Gastroenterologist pay dropped to $406,000, the seventh highest-paid specialty, with plastic surgeons beating orthopedic surgeons to the top spot in 2021.
Editor's note: Medscape collected data from 17,903 respondents in more than 29 specialties between Oct. 6, 2020, and Feb. 11, 2021.
1. The average annual pay for gastroenterologists is $406,000, down from $419,000 in 2020. Plastic surgeons topped the list with an average pay of $526,000.
2. In 2020, 96 percent of gastroenterologists reported a drop in income because of factors associated with the COVID-19 pandemic — job loss, reduction in hours, reduction in patient volume, etc. But 13 percent said that factors unrelated to COVID-19 led to a drop in income.
3. Gastroenterologists earn average incentive bonuses of $60,000, seventh behind orthopedic surgeons, who earn $116,000 on average, according to Medscape. Average payment among gastroenterologists who received a bonus was 15 percent of total salary, the same as last year.
4. Sixty-six percent of gastroenterologists who earn an incentive bonus achieve more than three quarters of their potential annual payment, up from 62 percent in 2020. On average, gastroenterologists receive 73 percent of their potential bonus.
5. Average gastroenterologist compensation over the last five years was:
6. Fifty percent of gastroenterologists who took financial hits due to the pandemic expect their income to return to normal in this year; 34 percent said it will take two to three years; while 14 percent said they expect to never return to pre-pandemic income levels.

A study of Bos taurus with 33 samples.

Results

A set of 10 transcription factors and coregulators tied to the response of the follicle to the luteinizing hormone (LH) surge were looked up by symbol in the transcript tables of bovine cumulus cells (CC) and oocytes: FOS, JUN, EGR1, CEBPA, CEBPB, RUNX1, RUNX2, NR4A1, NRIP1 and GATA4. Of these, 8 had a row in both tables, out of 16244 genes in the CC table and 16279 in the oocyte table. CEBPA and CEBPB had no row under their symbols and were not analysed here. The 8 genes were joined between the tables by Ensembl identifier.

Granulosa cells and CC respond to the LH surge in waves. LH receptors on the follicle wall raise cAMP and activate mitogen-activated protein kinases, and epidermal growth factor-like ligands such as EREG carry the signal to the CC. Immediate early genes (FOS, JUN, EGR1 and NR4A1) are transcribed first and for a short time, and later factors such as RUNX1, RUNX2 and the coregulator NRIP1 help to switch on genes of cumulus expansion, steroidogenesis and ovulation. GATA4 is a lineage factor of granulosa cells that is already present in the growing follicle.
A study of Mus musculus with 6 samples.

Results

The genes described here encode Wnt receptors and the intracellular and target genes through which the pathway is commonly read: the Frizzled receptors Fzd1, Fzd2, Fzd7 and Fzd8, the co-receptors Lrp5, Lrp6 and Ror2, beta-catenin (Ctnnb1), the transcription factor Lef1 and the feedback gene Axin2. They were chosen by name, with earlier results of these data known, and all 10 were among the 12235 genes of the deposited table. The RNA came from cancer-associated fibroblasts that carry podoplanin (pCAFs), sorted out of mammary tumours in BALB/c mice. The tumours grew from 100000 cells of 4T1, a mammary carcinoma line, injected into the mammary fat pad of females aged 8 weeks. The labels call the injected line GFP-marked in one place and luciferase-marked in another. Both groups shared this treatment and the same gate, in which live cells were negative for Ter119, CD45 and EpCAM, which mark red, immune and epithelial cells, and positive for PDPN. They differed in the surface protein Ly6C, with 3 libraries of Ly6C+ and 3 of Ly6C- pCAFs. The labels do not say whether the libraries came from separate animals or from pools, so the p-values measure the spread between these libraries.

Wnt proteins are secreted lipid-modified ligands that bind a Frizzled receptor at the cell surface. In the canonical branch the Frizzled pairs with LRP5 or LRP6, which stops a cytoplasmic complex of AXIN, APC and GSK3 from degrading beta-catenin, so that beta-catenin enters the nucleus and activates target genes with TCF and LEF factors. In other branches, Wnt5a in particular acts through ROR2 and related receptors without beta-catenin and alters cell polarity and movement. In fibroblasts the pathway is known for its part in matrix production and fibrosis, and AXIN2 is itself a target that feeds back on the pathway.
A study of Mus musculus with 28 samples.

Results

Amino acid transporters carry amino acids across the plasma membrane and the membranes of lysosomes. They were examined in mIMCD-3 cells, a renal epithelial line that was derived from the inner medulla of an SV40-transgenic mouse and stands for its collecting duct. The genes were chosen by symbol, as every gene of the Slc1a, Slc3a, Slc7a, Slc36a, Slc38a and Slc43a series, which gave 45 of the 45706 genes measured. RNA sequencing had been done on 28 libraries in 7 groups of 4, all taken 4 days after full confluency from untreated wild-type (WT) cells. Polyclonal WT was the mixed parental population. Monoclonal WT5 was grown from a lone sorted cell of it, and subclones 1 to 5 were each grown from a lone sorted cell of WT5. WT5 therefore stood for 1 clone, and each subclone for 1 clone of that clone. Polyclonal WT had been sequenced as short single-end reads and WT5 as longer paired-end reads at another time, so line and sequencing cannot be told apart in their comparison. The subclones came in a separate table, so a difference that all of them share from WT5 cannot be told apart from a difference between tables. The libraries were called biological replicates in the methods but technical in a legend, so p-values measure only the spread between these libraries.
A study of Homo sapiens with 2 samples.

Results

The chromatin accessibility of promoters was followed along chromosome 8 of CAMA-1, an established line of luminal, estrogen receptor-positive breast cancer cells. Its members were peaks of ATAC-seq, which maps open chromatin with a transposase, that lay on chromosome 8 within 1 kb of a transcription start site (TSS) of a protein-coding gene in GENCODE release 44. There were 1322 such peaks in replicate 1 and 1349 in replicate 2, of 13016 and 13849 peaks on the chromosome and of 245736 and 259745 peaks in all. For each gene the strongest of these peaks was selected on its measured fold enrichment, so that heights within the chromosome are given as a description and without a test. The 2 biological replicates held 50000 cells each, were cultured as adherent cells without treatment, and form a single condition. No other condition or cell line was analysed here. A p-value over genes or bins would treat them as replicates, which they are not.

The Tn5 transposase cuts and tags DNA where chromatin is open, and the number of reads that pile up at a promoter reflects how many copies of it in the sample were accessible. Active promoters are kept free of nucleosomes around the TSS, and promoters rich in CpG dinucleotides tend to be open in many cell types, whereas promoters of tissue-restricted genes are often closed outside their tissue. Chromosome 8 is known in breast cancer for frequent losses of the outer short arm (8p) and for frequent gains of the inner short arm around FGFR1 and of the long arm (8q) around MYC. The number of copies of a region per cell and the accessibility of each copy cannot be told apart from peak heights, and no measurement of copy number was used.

7. On average, employed gastroenterologists ($405,000) earn about the same as their self-employed ($408,000) counterparts. Among physicians overall, self-employed physicians earn on average $352,000 per year compared to $300,000 for employed physicians.
8. Gastroenterologists reported spending 15.2 hours per week on administrative work, up from 14.3 hours a week in 2020.
9. In terms of patient volume, gastroenterologists are seeing an average decline of about 10 percent, from 76 to 69 patients per week.
10. Most gastroenterologists (80 percent) are continuing to see new and current Medicare and Medicaid patients. Sixteen percent were undecided, and 1 percent said they will not take new Medicare patients.
11. This year, 50 percent of gastroenterologists plan to participate in the merit-based incentive payment system, and 12 percent aim to participate in advanced alternative payment models.
12. Fifty-five percent of gastroenterologists said they feel fairly compensated, up from 52 percent in last year's report.
13. Dealing with rules and regulations (22 percent), difficult patients (19 percent), working long hours (16 percent) and difficulties getting fair reimbursement from payers (13 percent) were cited as the biggest challenges in the specialty.
14. Twenty-four percent of gastroenterologists are women.
15. If given the opportunity, 93 percent of gastroenterologists said that they would choose their specialty again.